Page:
Netherlands: MSF provides medical care to stranded asylum seekers | Doctors Without Borders

People face an increasingly inhumane situation, limited medical care at the Ter Apel reception center

NEW YORK/AMSTERDAM, AUGUST 25, 2022—Médecins Sans Frontières (MSF) today began providing medical care to hundreds of people stranded outside the main Dutch reception center for asylum seekers in Ter Apel. There are currently around 700 people sleeping outside the reception center as it is completely overwhelmed and unable to meet the most basic needs of new arrivals, which has already led to serious medical emergencies.

Last Friday, an MSF team carried out an assessment of the situation outside the reception centre. Among those living in a field outside the facility in inhumane and disgraceful conditions are pregnant women, children, and people with chronic conditions like diabetes who may run out of medicine. There are no showers on site and the very few toilets available are not sufficiently maintained, which could lead to the spread of disease or cause other health problems. MSF has seen people with skin diseases, upper respiratory tract infections, urinary tract infections, diarrhea and vomiting, mental health issues, dental issues and injuries in various states of recovery .

The Dutch government must urgently provide access to medical care and improve conditions for people forced to sleep outside the overcrowded centre, MSF said.

“We cannot sit idly by and do nothing about this increasingly inhumane and unacceptable situation on our doorstep,” said Judith Sargentini, MSF Netherlands director. “The Dutch government and local municipalities must urgently improve living conditions and take responsibility for providing medical care to vulnerable people. In addition, there must be a structural solution, such as the creation of multiple and more human reception areas. This is something the Dutch government has been called upon to do for years.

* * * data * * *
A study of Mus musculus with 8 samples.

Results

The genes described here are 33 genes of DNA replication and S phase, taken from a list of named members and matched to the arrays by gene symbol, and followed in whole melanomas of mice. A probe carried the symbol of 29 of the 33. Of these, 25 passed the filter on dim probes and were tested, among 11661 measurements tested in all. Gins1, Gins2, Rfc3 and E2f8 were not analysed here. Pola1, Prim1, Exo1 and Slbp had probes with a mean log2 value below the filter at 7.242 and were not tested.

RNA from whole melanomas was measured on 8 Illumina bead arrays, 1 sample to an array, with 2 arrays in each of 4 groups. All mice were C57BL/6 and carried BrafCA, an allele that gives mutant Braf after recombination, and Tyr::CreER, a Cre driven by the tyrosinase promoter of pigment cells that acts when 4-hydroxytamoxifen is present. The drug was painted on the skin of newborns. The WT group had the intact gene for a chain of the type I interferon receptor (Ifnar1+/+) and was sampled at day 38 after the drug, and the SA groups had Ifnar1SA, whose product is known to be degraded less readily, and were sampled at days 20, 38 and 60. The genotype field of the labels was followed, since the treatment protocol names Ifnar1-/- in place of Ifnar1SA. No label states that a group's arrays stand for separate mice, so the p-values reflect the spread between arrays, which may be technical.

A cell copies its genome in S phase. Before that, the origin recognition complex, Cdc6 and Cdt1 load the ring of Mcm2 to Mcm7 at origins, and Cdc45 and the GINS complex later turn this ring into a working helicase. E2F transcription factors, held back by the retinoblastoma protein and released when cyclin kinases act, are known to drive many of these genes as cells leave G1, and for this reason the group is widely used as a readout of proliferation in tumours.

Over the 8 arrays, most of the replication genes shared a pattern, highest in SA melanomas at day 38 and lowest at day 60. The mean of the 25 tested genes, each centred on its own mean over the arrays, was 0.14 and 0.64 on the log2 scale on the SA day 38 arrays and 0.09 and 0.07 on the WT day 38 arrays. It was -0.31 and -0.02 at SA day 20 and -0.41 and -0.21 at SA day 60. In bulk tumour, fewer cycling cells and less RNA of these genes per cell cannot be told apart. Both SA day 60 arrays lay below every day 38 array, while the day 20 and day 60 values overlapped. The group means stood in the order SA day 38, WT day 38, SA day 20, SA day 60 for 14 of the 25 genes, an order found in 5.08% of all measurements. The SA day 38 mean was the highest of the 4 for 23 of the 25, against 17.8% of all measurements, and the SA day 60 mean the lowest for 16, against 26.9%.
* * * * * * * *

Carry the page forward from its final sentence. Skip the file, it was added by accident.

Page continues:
For several years, it has been difficult for new asylum seekers to find shelter. Since June, it has become even more difficult. While asylum seekers who are allowed to stay in the Netherlands struggle to find their own accommodation, many remain in the reception centre, leaving fewer places for new arrivals.

After consultation with the relevant authorities and the Red Cross, MSF dispatched a medical team to immediately provide basic health care to people from Ter Apel seeking asylum in the Netherlands, most of whom are from the Middle East and Africa. This team will treat illnesses and injuries, ensure people with chronic illnesses can continue to take their medications, triage cases that need to be referred to a hospital or health center, and provide psychological first aid to adults. and to children.

This is the first time that MSF has provided medical assistance in the Netherlands.